End Slavery by SD Strategies: Modern Slavery Consultancy
Endslavery.com is a division of SD Strategies Pty Ltd, a boutique modern slavery consultancy based in Sydney, Australia. For over 20 years we have delivered a range of specialised consultancy services to hundreds of industry, government and NFP clients in Australia and internationally.
Director, SD Strategies
Richard Branson’s words, “There’s no such thing as work-life balance; it’s all life” resonate strongly with me and I have been lucky to build a life around the work I am passionate about.
I have worked for 26 years to encourage, empower and support organisations to become sustainability leaders. In this time, I have gained significant experience in environmental, WHS and social impact auditing, business gap analyses, stakeholder consultation, training, risk management and strategy development.
I spent several years in the early 2000’s conducting comprehensive environmental, health & safety and social impact audits and site assessments across the Asia Pacific region. This provided me with an understanding of the challenges and opportunities for global companies operating in developing nations and the importance of undertaking comprehensive due diligence programs. It also provided me with first-hand experience of the risks and impacts to the lives of an often transient and vulnerable workforce.
Over the past four years, my focus has been on helping businesses operationalise the UN Guiding Principles on Business and Human Rights and meet or exceed the requirements of modern slavery legislation. The knowledge and experience gained from working on sustainability issues across a diverse range of industry sectors has enabled me to adapt existing processes to ensure businesses effectively address modern slavery and human rights risks and impacts.
My passion in this area, led me to undertake a Master of Laws (Human Rights) at the University of NSW, which I will complete in July this year. Through my studies I have gained a deeper understanding of the intersection of business and human rights, and the challenges and opportunities presented by our global economy and the growth of transnational corporations.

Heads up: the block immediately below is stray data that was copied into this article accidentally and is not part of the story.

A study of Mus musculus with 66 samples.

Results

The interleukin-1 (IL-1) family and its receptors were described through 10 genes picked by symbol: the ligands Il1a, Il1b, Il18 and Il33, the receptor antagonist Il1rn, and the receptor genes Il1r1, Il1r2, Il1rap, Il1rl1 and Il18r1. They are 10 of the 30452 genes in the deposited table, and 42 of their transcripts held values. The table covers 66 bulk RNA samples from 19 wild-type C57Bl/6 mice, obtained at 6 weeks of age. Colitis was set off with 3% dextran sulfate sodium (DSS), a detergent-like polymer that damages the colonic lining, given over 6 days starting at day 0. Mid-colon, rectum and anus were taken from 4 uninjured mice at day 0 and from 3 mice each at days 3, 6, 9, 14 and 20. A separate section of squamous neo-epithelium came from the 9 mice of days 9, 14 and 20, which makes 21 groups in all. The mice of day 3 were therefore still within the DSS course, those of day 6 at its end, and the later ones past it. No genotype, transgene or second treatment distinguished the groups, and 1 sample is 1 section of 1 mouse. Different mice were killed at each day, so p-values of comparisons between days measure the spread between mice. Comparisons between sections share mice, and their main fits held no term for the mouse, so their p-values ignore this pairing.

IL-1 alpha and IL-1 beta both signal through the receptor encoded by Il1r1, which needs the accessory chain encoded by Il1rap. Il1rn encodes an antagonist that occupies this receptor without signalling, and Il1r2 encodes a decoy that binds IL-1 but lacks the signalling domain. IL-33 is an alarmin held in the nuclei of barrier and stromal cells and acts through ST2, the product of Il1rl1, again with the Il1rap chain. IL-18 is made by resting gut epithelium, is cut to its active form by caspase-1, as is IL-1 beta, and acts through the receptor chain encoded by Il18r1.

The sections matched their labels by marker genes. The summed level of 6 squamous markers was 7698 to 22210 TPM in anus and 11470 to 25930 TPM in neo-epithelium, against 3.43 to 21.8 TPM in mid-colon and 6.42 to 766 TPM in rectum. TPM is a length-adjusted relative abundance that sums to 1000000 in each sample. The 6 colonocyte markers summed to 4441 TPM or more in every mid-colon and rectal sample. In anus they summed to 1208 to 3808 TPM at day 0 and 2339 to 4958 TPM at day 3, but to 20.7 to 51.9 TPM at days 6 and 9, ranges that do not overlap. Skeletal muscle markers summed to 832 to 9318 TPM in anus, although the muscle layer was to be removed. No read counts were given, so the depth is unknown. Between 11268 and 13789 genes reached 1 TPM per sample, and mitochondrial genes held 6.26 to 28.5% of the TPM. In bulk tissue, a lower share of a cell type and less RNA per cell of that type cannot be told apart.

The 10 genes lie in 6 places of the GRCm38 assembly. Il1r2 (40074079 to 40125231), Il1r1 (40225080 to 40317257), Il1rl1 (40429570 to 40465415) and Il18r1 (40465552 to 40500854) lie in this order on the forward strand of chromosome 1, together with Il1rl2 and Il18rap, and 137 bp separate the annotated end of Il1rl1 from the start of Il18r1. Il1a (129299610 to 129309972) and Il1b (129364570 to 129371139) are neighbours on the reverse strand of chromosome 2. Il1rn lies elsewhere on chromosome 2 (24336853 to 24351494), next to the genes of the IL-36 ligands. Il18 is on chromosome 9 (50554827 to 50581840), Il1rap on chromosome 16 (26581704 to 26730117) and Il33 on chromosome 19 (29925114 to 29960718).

As a senior researcher with the Migrant Worker Justice Initiative I have engaged with migrant workers and international students and learned first-hand about the level of exploitation in our own country.
Over the past 5 years I have connected and shared stories with some of Sydney’s most vulnerable through my volunteer work at the Wayside Chapel in Kings Cross. I care deeply about the ‘unseen’ people in supply chains and am passionate about making a difference to the lives of vulnerable and exploited people.
Innovation Lead, SD Strategies
Once I shared chai with a quiet, humble man in the teeming, squalid back streets of Calcutta who said something to me I’ll never forget: “All that is not given is lost”.
These simple words resonated deeply and in the many years since then I have tried to live up to them in both work and life. For 25 years I’ve worked in many roles revolving around environmental management and sustainability. My first career in the 80’s was as a marine biologist diving all over New Zealand as part of my university studies and then later in Australia, primarily on the Great Barrier Reef.
From there I moved into a wide variety of government roles in the Environment Protection Authority, WorkCover Authority, NSW Housing, Departments of Commerce and Public Works and Services. A stint as a public health officer for three years working on toxic materials (particularly lead) enabled me to understand the importance of our basic right to health and health care services, and how this is not enjoyed by all – particularly those in less privileged communities. This sparked my first interest in human rights.
A long and wonderful relationship ensued with the NSW Government’s Sustainability Advantage Program working with businesses, government agencies, NGOs and NFPs to incorporate sustainability into their operations. I ran, amongst many things, the Sustainable Supply Chain program and learned quickly the businesses practices can have a major impact on human rights, particularly of vulnerable workers.
I started the first government program in Australia working at the coal-face with businesses on modern slavery and then as the Modern Slavery Lead for the NSW Department of Planning, Industry and Environment. The NSW Government purchases over $30billion worth of goods and services each year and I was able to work with a wide range of government and private sector procurement processionals. This role exposed me to the sometimes practical reality of working with people who aren’t human rights experts and the challenges of getting things moving on the ground.
I am lucky to meet and be an advocate for exploited and vulnerable workers in the transport sector and volunteer in a drop-in / support centre for homeless people. It brings home how privileged I am, the importance of what we do and the scale of the task ahead.